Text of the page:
To David Gordon, choreography has always been the C-word, something that others--perhaps better equipped and more captivated by mere dancing--do for a living. Not Gordon.
Others may grandly say that they create dances, but ever since he began his dance career in the early '60s, Gordon has slyly described what he does as "constructing pieces."
That is, until recently. For Gordon's latest construction, "United States," is a real dance, replete with glitzy show tunes and dreamy adagios. And for once, Gordon is reveling in his ability to combine the best elements of his cannily subversive dances of word and movement in a style that even he finds uncommonly expressive. Every bit the habitual skeptic, David Gordon, 52, seems finally to have accepted that he is a choreographer after all.
"United States" will have its Los Angeles premiere when Gordon's permanently-temporary Pick Up Company performs Friday and Saturday in Royce Hall, UCLA. As one might imagine from its title, the subject is the United States--but not as a state of mind or as a national identity, so much as a place, a finite geographical locus, the site of real people.
Each part of the piece is a carefully researched portrait of what the people who live in each place might think about where they live. In Los Angeles, the Pick Up Company will perform a "Minnesota" section, a "New York" section, and the world premiere of a "Western" section, each set off by short "New England" divertimenti danced to snippets of a Robert Frost interview.
For "New York," Gordon uses texts by young New Yorkers (including his grown-up son Ain) and different versions of Richard Rodgers' "Slaughter on 10th Avenue." For "Minnesota," he reaches out to an essay by Carol Bly and to Mozart's Piano Concerto No. 17--the first movement played by the Minnesota Orchestra, the second by the St. Paul Chamber Orchestra.
The linkages are artificial--there because Gordon likes them there--and the sections are finally a kind of emotional composite of the places from the perspective of those living there.
"As a New Yorker," said Gordon, who was born and raised on the Lower East Side, "you might know how Northern California people are not terribly fond of Southern California people, and vice versa, but you probably don't know how Coloradans feel about New Mexicans. There's a different sense of turf out there. I don't think New Yorkers think about, say, Connecticut, in the same way although they may think about New Jersey a little bit because of the shopping malls there."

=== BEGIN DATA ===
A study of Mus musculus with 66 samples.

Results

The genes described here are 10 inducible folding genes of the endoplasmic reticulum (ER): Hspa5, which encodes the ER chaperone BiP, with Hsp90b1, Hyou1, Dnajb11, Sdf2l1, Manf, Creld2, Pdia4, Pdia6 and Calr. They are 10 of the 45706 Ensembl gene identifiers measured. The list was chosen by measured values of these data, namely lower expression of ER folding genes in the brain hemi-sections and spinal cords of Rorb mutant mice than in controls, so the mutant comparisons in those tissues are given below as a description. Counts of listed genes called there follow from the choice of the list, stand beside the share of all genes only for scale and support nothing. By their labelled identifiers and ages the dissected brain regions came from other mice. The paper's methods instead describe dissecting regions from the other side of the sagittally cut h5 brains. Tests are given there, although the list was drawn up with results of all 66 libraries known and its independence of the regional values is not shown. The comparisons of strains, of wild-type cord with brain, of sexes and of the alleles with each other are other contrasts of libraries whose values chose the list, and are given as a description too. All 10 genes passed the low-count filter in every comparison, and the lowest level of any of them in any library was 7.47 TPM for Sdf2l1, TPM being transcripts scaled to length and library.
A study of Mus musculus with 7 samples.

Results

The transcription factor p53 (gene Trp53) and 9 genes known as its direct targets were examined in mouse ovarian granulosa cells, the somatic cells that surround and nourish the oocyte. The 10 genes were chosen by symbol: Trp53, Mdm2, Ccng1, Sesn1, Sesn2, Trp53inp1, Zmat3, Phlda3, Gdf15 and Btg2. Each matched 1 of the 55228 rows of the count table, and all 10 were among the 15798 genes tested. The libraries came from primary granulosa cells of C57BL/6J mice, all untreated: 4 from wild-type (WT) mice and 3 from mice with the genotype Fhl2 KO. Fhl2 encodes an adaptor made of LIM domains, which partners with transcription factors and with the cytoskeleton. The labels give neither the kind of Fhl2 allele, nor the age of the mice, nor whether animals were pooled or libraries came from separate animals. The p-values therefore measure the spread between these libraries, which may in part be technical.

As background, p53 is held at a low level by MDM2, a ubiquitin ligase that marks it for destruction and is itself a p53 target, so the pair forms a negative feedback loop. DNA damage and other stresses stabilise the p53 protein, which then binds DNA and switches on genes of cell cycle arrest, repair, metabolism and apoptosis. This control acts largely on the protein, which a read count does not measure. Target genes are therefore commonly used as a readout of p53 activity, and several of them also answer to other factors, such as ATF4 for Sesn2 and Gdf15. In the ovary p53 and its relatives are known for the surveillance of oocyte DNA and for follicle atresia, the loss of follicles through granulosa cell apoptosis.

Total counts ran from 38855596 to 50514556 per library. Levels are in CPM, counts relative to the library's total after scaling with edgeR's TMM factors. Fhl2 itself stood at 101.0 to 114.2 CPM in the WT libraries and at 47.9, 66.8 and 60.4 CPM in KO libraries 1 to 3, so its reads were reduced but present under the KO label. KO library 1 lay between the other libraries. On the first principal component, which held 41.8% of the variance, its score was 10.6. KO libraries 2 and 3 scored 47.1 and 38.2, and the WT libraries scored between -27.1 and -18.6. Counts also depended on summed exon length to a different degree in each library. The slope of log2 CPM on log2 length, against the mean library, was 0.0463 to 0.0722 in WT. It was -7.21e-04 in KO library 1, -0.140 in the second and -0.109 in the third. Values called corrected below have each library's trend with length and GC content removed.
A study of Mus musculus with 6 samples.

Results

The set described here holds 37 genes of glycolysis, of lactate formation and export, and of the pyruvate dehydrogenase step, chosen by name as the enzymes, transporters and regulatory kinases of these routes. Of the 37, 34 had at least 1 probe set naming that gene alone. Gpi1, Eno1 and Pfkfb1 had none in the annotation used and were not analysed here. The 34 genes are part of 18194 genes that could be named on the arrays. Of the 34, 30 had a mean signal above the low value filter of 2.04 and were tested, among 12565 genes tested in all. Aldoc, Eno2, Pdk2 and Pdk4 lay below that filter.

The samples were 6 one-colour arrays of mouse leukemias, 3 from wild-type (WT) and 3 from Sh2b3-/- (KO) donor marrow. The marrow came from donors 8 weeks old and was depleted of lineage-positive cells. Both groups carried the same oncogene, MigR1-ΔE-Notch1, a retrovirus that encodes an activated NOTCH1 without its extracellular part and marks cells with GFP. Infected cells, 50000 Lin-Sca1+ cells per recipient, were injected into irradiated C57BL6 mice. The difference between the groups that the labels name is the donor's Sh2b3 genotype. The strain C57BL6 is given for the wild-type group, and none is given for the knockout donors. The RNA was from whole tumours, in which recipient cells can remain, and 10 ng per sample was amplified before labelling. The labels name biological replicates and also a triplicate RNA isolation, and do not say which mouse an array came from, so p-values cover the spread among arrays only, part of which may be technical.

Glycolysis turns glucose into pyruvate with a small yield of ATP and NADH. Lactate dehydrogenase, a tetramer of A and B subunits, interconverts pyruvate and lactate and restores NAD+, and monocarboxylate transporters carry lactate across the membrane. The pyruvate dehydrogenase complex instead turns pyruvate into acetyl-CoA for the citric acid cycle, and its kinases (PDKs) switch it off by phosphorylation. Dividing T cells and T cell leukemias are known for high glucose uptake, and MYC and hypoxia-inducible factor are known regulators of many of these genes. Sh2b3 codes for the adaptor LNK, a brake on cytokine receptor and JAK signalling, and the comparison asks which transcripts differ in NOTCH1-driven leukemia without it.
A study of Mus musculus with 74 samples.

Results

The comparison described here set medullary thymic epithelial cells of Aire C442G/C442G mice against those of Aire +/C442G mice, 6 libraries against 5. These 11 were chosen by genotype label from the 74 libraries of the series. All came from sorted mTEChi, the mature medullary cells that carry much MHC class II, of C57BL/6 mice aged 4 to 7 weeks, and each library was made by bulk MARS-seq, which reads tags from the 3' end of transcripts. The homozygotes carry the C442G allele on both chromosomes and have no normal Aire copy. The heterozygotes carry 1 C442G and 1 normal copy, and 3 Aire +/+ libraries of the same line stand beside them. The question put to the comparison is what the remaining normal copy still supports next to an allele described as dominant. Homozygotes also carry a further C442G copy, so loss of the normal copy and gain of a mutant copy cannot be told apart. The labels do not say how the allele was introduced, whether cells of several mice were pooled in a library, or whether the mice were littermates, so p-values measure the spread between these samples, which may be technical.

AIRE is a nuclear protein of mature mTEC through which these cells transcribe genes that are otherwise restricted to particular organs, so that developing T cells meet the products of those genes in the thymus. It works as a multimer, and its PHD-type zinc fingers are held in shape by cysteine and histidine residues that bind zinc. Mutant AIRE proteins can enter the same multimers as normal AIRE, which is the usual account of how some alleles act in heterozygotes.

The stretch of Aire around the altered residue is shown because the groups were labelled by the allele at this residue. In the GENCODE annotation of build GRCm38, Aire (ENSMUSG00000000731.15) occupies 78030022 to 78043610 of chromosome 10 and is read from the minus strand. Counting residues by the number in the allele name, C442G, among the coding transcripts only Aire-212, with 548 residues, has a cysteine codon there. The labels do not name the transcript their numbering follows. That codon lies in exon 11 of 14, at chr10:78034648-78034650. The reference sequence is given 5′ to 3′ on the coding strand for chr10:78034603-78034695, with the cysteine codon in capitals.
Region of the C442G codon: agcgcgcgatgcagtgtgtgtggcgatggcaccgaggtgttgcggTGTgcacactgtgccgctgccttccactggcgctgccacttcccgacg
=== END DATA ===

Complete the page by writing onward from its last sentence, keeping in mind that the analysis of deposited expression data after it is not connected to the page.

To Gordon, the idea that the 50 states are one interconnected entity seems to have come as a surprise, like suddenly seeing beyond the limits of the famous New Yorker cover that chauvinistically collapses the world beyond the Hudson River into a tiny corner of the map.
"I was amazed when I looked at a Dust Bowl story in a WPA manual and found out the dumb thing that everyone knows . . . that when there's a dust storm in New Mexico it moves and comes back to Colorado. Why didn't I think of that before?"
Even the unusual funding process used to put together "United States" seems to have suggested a greater sense of the connections that link different parts of this country to one another.
Twenty-seven sponsoring institutions in 17 states--prodded by the UCLA Center for the Performing Arts--contributed money to the development of the project, serving not only as presenters but also as part of the research base for the content of the piece. No less than the Wall Street Journal hailed this process as a "model, an answer to the dilemma so many artists face financing and funding tours."
"United States" may have given Gordon a better economic foundation and a stronger sense of this country's interconnectedness, but it seems also to have reinforced his sense of dance's limits.
One of the pioneers of American post-modern dance dating back to the Judson Dance Theater in the early '60s, Gordon for years paired movement and language together in a way that suggested that dances could make meaning the way films do. As he plumbed deeper into questions of privacy and identity, he created definitive portraits of individuals and situations.
But then things began to change: Gordon's temporary Pick Up Company grew bigger and more permanent, sponsors and critics seemed to want more dancing and less talking, and Gordon himself seemed to grow bored with his previous direction.
"When I began to realize I had run out of things to say--I had said it all--I really began to wonder what it was to make dances," he says, "and I tried to learn something about music and about the speed of dancing."
With "United States," Gordon seems to be using dance as a means of communicating feelings or sensations \o7 through \f7 movement, regardless of their standing with words.